Scientists at the Defence Science and Technology Laboratory (DSTL) at Porton Down have been asked to conduct studies to provide further evidence, a spokesperson said.
“Further work is required to determine its full effectiveness, acquisition and distribution,” the MoD spokesperson added.
Sky News revealed last week that some soldiers are already being issued with Mosi Guard, a type of insect repellent that contains citriodiol, as part of “enhanced force health protection measures” during the crisis.
Priority will be given to personnel who are involved in operational roles and troops who are supporting the government’s effort to tackle coronavirus, according to military sources.
Use is optional, not obligatory, and the spray would be in addition to social distancing, handwashing and wearing personal protective equipment.
The Ministry of Defence said there has been no widespread rollout.
“Citriodiol is known to have anti-viral properties and has been used as a barrier against the SARS 1 virus,” the spokesperson said, referring to the strain that caused the 2003 epidemic.
“Its utility for protecting against COVID-19 is therefore being explored by the Ministry of Defence as an additional protective measure for personnel working on the response.”
The issuing of insect repellent has triggered curiosity among MPs.
Two opposition defence spokespeople and the chair of the Defence Select Committee have written separately to Defence Secretary Ben Wallace to request further details.
Stewart McDonald of the Scottish National Party has asked to see the evidence the MoD relied upon to start issuing the insect repellent.
According to a copy of his letter, he said: “If this is based on science, it is vital that the evidence is made public and all frontline workers are given the same advice.
“If there is no evidence that it will be effective, then the MoD must explain why this product is being issued, creating a false sense of security and putting lives at risk.
“Clarity on this matter is of the greatest urgency.”
Jamie Stone of the Liberal Democrats said that transparency was vital.
According to a copy of his letter, he wrote: “The over-riding point is that if your decision has been taken on the basis of sound scientific evidence, then why are other frontline workers not also being provided with citriodiol?”
The MP has also submitted a formal question to the Ministry of Defence, asking for the evidence to be made public. The department must reply by 4 May.
John Healey, Labour’s shadow defence secretary, is understood to have submitted a question to the MoD about the use of citriodiol as well.
In his letter, Tobias Ellwood, a senior Conservative MP and chair of the Defence Select Committee, asked the defence secretary to confirm troops had been issued with insect repellent and, if so, how many.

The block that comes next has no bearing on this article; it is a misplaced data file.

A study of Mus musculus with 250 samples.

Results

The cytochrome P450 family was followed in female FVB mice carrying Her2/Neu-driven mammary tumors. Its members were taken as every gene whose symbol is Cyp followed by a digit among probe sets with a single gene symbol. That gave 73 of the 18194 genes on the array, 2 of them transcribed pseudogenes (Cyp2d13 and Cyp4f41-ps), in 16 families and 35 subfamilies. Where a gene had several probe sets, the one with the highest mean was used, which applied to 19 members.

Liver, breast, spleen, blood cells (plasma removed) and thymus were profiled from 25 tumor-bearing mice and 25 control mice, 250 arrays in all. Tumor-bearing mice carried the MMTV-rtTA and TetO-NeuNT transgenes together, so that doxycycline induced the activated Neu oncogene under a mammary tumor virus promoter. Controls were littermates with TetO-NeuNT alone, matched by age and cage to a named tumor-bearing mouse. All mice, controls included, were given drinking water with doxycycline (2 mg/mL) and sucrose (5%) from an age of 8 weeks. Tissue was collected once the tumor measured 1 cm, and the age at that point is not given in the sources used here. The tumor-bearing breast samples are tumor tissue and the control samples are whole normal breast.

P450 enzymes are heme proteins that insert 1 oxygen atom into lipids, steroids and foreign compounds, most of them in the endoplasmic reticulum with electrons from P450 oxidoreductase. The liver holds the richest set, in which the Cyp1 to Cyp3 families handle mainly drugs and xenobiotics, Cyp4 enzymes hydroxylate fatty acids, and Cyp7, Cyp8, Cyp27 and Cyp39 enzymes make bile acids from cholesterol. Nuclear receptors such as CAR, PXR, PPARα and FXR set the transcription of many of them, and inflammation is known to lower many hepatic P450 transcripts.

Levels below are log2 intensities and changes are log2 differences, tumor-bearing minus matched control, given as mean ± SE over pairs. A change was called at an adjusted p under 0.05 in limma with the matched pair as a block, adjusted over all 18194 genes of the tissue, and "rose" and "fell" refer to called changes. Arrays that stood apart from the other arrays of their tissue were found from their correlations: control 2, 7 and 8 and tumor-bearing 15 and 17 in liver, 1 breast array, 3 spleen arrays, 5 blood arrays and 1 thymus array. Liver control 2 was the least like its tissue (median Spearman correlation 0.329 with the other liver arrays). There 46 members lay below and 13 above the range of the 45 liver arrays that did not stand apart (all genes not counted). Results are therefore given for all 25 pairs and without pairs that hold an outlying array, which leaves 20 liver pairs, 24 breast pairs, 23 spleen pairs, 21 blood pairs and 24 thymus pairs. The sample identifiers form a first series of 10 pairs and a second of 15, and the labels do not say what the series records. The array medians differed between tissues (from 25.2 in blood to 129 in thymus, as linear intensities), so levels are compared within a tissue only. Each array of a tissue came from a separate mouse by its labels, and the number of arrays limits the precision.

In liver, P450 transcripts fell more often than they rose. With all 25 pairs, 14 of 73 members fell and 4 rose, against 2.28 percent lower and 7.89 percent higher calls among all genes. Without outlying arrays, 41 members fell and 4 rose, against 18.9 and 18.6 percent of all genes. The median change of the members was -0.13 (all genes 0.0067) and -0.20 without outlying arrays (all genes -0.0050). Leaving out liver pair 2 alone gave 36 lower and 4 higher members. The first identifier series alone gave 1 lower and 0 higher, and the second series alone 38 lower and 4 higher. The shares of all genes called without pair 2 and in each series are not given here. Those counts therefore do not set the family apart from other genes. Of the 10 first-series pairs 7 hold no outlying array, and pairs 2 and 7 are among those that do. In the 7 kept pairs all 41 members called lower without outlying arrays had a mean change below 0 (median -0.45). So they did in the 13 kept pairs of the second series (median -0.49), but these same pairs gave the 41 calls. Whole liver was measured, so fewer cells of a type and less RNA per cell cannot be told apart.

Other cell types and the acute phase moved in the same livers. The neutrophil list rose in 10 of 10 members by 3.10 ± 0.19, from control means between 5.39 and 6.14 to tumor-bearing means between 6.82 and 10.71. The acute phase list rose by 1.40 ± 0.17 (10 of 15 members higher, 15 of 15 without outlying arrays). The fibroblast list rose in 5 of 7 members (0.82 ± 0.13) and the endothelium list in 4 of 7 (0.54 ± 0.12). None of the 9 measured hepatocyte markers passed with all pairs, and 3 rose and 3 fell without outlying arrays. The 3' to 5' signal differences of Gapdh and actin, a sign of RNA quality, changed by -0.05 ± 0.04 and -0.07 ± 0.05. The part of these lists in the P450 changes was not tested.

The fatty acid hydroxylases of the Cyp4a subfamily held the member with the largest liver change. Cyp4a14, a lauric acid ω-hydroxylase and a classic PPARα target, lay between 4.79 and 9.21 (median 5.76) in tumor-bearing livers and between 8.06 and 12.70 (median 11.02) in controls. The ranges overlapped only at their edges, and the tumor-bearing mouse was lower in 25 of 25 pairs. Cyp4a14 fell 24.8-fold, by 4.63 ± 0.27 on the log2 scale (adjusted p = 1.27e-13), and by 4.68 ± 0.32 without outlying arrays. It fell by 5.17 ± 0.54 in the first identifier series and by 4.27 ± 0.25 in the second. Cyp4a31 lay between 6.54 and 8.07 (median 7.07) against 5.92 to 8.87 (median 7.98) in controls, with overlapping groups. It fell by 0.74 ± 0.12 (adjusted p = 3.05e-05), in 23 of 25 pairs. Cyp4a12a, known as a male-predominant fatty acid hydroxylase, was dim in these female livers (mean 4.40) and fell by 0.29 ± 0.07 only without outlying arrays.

He also asked whether DSTL was involved in any testing of the product.
The former defence minister added: “Are there plans to issue citriodiol to other essential workers, such as those in the NHS?”
Citrefine International Ltd, the company that makes citriodiol, welcomed the news that defence scientists would be testing the product.
Citriodiol stays on the skin for several hours, meaning it could provide a longer period of protection than soap and water if proven to be an effective barrier, according to Jacqueline Watson, managing director of the small, Leeds-based firm.
She said the company had been calling for government support for a testing programme.
“I can understand why people are sceptical,” Ms Watson told Sky News in an interview.
“They are right we don’t have data against this particular virus.
“However there is data against other coronaviruses. And, I am certainly not an expert in this area, but having talked to experts, there is good reason to think it may well work against this. But that is why it is just so important to get it tested really thoroughly at a specialist laboratory.”
She described how citriodiol had been proven to breakdown the envelope around other coronaviruses, killing the disease.
The product would not guard against inhalation but could kill the virus on a person’s skin before it could be transferred anywhere else.
If its utility against the pandemic is proven, Ms Watson said her company would like to work with the government on how best it could be deployed.
“It is not necessarily going to utilised across the country – in homes, for example – but it could well be used on the front line or as people start to be able to go out and about,” she said.
Citriodiol is made from oil from the leaves and twigs of the eucalyptus citriodora tree, which is found in Asia, South America and Africa.
It is used in the insect repellent Mosi Guard and others.
It is understood that only insect repellent containing citriodiol and not containing deet is regarded as having the potential of any kind of utility against the novel coronavirus.